The only constant in our life is change. The kind we bring on ourselves or the kind brought on to us by others. It's important to find our feet to at least some degree in every situation and work out the best solution. But let this be enough words of wisdom for introduction. This time the change concerns the content of this post—instead of the promised text about a trip to Corsica you'll be reading about the Spanish Sierra de Guara, while Corsica will perhaps find its way here sometime in the future, when I actually visit it again.
In April, six members of my canyoning crew decided to visit another canyoning Mecca located in the pre-Pyrenees in the region of Sierra de Guara at the end of May. That’s where we can find the cult canyon of Mascun, where canyoners supposedly wait in line to use the anchors to descend. According to the photographs, the water level is relatively low. But in our case, it turned out it was just the opposite ...
We didn't do our homework before heading to Spain. I was counting on our dear Andrej to do it and he thought I would do it, as I am known to go a bit overboard and check everything ... Well, it became clear that this was not the case when we landed at Zaragoza airport and the kind lady at the tourist information office warned us that a state of emergency had been declared in the area due to floods and the weather forecast wasn't too rosy either. It was perhaps only rosy in the sense that roses would grow better because of the water ... I had no choice but to go and buy a tent in Decathlon, since I had been planning on sleeping under the stars as usually. Oh, man, when am I going to learn?! This time I decided to put an end to this and stopped at Decathlon. 20 minutes later and my wallet EUR 100 lighter, I came out of the shop smiling with a tent under my arm. Now nobody can say I haven't spent all my pay for annual leave for holidays … It was supposed to be set up in two seconds (Quechua 2 seconds). Well, I needed a whole 20 seconds. Even this was quite okay considering some couples need about an hour to pitch a tent while getting into an argument so heated that they can't find a common language until the end of the holiday. Yes, premarital counselling should also include pitching a tent … ;)
The drive around the region surprised me. This Sierra de Guara is indeed interesting. Plenty of hills and fields and relatively a lot of water. Rock types include flysch, conglomerate and limestone. The combination of everything results in beautiful colours that are mighty tempting for amateurs of landscape photography. People earn their living mostly by farming and there is also some tourism, but it mostly flourishes in summer months when people in camps set up tents one on top of the other and other accommodation is sold out a few months in advance. Similar to what is happening these months in Bovec, where a few places are still left at campsites but to get a table at dinner time you have to book in advance.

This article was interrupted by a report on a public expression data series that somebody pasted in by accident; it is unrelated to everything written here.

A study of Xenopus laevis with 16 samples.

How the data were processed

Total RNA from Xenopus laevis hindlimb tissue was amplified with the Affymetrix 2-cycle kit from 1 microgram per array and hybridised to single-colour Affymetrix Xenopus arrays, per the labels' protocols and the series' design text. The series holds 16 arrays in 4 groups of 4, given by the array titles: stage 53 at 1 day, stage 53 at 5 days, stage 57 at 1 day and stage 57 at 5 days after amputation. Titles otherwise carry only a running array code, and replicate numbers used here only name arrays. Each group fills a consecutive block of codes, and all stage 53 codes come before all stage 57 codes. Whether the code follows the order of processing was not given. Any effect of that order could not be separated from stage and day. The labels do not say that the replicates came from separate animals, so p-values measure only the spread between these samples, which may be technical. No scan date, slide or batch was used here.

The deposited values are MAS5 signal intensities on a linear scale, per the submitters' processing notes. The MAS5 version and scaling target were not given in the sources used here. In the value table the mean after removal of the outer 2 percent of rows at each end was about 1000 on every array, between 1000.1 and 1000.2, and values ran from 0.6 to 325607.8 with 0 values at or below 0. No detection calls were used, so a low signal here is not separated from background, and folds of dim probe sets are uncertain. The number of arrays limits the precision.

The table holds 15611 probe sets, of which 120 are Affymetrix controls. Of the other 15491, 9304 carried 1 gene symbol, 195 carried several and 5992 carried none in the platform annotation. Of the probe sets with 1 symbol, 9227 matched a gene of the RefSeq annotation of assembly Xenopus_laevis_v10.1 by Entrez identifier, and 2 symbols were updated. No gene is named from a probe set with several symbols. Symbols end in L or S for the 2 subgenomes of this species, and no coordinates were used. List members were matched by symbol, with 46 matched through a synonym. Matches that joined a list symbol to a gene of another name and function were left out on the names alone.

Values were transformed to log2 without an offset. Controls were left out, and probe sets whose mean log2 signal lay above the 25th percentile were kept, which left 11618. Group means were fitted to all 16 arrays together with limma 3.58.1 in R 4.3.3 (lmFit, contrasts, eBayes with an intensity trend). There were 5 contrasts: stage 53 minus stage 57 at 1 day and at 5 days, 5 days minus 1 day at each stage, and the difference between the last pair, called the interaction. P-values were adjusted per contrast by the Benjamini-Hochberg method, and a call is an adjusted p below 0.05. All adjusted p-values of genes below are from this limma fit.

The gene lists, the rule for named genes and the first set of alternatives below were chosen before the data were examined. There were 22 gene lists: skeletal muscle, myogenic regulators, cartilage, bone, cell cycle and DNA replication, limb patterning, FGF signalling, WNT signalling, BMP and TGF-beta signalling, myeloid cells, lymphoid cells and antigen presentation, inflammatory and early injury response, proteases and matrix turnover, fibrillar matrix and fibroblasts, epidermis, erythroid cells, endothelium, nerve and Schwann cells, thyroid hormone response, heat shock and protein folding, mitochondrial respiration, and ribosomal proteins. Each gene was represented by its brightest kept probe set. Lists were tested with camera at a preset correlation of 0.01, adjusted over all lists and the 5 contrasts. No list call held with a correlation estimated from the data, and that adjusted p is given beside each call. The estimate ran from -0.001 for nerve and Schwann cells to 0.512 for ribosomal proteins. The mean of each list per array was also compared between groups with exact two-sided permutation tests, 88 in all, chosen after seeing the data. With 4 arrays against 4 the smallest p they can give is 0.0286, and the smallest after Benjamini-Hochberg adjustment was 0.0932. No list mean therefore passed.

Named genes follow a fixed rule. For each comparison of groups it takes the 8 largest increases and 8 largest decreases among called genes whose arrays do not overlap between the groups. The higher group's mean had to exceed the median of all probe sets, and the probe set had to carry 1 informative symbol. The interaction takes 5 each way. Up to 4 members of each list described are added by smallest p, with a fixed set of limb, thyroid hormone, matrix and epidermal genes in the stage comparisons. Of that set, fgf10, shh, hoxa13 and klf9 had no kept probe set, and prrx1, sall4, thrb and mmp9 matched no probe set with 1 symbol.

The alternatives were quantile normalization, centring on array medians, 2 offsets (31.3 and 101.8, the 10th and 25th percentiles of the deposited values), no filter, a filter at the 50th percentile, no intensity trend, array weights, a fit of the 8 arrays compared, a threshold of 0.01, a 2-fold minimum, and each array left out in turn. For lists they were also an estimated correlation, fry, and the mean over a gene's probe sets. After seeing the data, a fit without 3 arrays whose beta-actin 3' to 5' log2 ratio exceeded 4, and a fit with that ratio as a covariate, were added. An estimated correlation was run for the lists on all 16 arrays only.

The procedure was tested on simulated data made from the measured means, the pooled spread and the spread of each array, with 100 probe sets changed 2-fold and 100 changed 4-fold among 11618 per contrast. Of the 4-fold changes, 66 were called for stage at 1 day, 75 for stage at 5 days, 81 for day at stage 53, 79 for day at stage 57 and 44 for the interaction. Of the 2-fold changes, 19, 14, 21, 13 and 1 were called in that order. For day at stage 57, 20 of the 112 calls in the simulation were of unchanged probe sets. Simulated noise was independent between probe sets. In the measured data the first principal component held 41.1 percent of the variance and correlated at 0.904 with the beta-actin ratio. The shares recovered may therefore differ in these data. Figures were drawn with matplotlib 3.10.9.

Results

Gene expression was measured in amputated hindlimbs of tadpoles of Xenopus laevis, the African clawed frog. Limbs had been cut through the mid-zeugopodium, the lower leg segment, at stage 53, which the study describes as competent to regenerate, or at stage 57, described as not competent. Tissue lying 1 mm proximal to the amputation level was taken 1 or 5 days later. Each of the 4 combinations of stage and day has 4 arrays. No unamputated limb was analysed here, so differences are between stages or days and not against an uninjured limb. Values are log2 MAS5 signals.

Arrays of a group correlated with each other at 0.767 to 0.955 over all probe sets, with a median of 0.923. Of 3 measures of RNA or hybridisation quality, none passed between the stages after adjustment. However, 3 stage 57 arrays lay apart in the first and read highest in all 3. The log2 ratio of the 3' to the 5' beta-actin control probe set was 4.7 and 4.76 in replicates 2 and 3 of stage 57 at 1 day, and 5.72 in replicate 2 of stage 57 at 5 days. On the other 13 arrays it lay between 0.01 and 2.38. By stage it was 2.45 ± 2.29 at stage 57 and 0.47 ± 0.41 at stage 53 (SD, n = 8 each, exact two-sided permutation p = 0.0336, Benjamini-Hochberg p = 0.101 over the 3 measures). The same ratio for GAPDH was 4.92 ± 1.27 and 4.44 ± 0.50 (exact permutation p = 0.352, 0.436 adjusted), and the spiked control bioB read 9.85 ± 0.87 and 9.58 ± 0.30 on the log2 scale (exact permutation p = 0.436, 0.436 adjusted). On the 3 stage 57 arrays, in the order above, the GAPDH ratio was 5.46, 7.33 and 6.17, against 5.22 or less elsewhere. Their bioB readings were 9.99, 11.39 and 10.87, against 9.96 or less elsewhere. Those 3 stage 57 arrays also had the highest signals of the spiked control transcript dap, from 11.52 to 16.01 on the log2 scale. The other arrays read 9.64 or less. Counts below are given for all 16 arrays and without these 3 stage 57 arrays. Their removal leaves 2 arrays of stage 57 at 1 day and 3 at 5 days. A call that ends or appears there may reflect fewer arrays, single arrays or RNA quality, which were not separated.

Sierra de Guara is not just beautiful. It also offers numerous hiking trails and climbing routes. At least in limestone; sandstone is much less appropriate for climbing because holds tend to crack (stones that break away from the sandstone foundation). But for us the most important thing was that it has countless wonderful canyons we intended to visit. The only problem was the high water level in most of the canyons. That's why we had to change our plans and wait for the most watery canyons until the last days. We started with vertical canyons with less water and continued with those with more. I have to say that my level of tolerance for canyoning in high level waters increased quite a bit. The more water there was and the bigger the danger, the more seriously I approached the situation, studied it and looked for the best solution, as if I was building a nuclear reactor by myself. Deeply focused, I couldn't think of anything else. Survival instinct is stronger than other human needs. It turned out that we were handling the situation really well as we didn't have any major problems anywhere, and we had also practised different rescue techniques. However, I would probably never have attempted this kind of feats without such an experienced and homogeneous team.
After canyoning we always treated ourselves to some tourist sightseeing of areas of natural beauty and other places. We didn't even miss out on wild camping on the impressive crag of Sao Miguel, hoping that we would be able to take photos of the sunrise the next day. Unfortunately, the clouds stopped us. No matter, though, the experience was still pretty special.
Of course I returned, once again, with a bag full of stories. About how the fox almost took an entire crate of food from behind our backs while we were making fun of a poor caver from Novo Mesto who is supposedly dead afraid of foxes. Not to mention the newly discovered wisdom that off-grid camping is not okay because there's nothing to do on the phone while going for a number two. And there's more where this came from …
So, to wrap the story up. Sierra de Guara has proven to be a pleasant substitution for Corsica. If you're a nature lover I recommend visiting it in spring when it's green and particularly easy on the eye and when the temperatures are just right to wander around valleys and mountains. Prices are acceptable and you can get to Zaragoza with a low-cost flight from Bergamo or from Venice to Barcelona. On average, preseason camping costs EUR 10 per person, including a tent and a car. Definitely budget friendly, this is a nice getaway with a good price/performance ratio.